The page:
Nebraska nonprofits call for fair share of American Rescue Plan Act dollars
OMAHA, Neb. (WOWT) - More than 20 nonprofits testified Tuesday in front of Nebraska lawmakers making a care for a big piece of the American Rescue Plan Act.
“We want nonprofits to be treated with parity as with the funds that go to businesses,” said Anne Hindery, CEO, Nonprofit Association of the Midlands. “Nonprofits for the past 18 months plus have really been on the frontlines working with childcare, homeless, food pantries, and whatnot.”
Together Inc. is one of the nonprofits working to provide food and housing services.
“Unfortunately for those who’ve really suffered through pandemic normal is not returning yet,” said Mike Hornacek, CEO, Together Inc.
In the year prior to the pandemic Together’s food pantry saw roughly 42,000 visitors; the number peaking at more than 160,000 last year.
“I think we’re on pace for 130,000 to 140,000 visits this year, so it’s plateaued and it’s tapered off a little bit, but we’re still a long, long way from returning to pre-pandemic numbers,” said Hornacek, noting they expect demand to persist years beyond the pandemic.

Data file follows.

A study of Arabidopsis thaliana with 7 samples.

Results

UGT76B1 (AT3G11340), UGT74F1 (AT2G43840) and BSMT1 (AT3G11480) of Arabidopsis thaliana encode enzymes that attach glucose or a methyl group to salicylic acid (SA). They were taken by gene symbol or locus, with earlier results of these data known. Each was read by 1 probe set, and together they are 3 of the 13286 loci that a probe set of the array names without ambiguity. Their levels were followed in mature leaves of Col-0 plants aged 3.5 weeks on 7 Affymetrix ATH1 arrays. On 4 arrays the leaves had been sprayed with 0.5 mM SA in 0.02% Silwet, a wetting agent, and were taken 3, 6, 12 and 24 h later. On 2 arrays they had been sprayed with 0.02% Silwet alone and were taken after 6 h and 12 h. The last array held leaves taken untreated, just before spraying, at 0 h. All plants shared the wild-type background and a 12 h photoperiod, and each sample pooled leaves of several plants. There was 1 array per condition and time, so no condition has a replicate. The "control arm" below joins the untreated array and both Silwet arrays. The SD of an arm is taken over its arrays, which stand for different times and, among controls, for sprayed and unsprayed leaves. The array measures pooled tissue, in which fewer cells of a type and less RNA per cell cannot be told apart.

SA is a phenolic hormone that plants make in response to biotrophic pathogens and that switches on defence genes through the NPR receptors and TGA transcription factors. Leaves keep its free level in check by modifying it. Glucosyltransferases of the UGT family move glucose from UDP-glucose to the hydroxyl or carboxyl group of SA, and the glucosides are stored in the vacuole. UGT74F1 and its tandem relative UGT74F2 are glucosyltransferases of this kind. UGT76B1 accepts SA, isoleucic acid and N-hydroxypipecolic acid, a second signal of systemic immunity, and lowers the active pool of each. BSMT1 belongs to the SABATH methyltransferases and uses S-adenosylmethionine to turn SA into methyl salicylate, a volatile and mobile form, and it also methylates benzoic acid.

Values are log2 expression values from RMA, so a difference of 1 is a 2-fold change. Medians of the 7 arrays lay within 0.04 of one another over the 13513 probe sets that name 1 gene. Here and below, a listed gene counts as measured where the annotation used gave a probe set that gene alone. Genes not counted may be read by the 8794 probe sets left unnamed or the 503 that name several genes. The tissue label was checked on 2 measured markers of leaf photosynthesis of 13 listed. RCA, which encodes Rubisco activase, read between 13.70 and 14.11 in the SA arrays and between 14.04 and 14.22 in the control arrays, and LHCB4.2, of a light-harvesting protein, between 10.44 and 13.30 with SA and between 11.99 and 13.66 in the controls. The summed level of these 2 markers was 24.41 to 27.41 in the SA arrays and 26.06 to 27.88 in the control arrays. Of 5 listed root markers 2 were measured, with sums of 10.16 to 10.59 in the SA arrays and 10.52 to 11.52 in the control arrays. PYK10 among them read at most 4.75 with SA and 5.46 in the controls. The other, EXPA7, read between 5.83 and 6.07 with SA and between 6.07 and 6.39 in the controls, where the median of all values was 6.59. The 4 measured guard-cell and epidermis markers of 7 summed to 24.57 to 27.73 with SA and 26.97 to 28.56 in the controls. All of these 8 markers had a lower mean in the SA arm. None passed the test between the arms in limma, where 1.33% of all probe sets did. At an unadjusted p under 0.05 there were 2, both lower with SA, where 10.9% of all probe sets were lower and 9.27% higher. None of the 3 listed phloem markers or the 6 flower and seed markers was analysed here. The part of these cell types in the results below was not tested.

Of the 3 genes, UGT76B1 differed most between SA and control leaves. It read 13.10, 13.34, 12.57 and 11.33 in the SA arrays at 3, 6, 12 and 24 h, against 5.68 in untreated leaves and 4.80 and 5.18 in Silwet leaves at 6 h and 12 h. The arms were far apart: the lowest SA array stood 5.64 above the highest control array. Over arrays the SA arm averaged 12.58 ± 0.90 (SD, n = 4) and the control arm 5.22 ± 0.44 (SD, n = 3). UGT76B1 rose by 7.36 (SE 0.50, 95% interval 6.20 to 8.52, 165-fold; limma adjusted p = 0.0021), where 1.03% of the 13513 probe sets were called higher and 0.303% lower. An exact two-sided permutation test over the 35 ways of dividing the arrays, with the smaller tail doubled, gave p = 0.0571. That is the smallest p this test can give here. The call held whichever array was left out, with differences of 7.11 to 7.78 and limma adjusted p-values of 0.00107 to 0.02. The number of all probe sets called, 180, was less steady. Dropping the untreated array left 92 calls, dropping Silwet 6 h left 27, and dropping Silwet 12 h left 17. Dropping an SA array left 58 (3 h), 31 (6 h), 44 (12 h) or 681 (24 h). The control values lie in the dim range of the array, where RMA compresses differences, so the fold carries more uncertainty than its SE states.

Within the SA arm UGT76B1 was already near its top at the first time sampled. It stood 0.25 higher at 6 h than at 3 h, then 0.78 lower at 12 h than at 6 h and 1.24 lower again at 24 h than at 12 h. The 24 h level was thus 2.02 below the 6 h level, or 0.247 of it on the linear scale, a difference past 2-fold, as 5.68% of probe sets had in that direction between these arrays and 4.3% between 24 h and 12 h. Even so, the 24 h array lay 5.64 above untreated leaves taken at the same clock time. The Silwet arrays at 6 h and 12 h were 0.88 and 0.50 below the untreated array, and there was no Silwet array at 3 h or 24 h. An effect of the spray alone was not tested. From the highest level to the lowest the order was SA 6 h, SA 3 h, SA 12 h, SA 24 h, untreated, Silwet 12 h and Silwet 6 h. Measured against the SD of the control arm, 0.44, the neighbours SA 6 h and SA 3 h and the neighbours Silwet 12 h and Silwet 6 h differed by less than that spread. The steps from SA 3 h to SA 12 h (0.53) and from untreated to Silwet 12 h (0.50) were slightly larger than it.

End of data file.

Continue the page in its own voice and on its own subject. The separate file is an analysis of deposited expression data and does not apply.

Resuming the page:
“Researchers and economists would tell you it took us 10 years to recover from the 2008 recession,” said Hornacek. “And what we’ve experienced in the last 18 months is way worse than anything we experience back then.”
The hope, however, is that the hundreds of billions of dollars in federal relief funds will help speed up the recovery.
“Should it take us ten years? Probably not,” said Hornacek. “But are we going to recovery in 18 months? No.”
“I think it’s going to take years,” said Hindery, noting people may be getting back to work, but that doesn’t mean they’re catching up.
We also have a pretty high number of families that work two and sometimes three jobs,” she said. “Odds are you still would be accessing the food bank and food pantries, you’re still trying to catch up on rent and utilities.”
Hindery is confident nonprofits have the best shot at helping the community come back.
“Nonprofits have a big history of working with marginalized communities we already have the relationships across the state.”
The is expected to make a decision on the distribution of roughly $1 billion in American Rescue Plan Act funds next year during budget negotiations.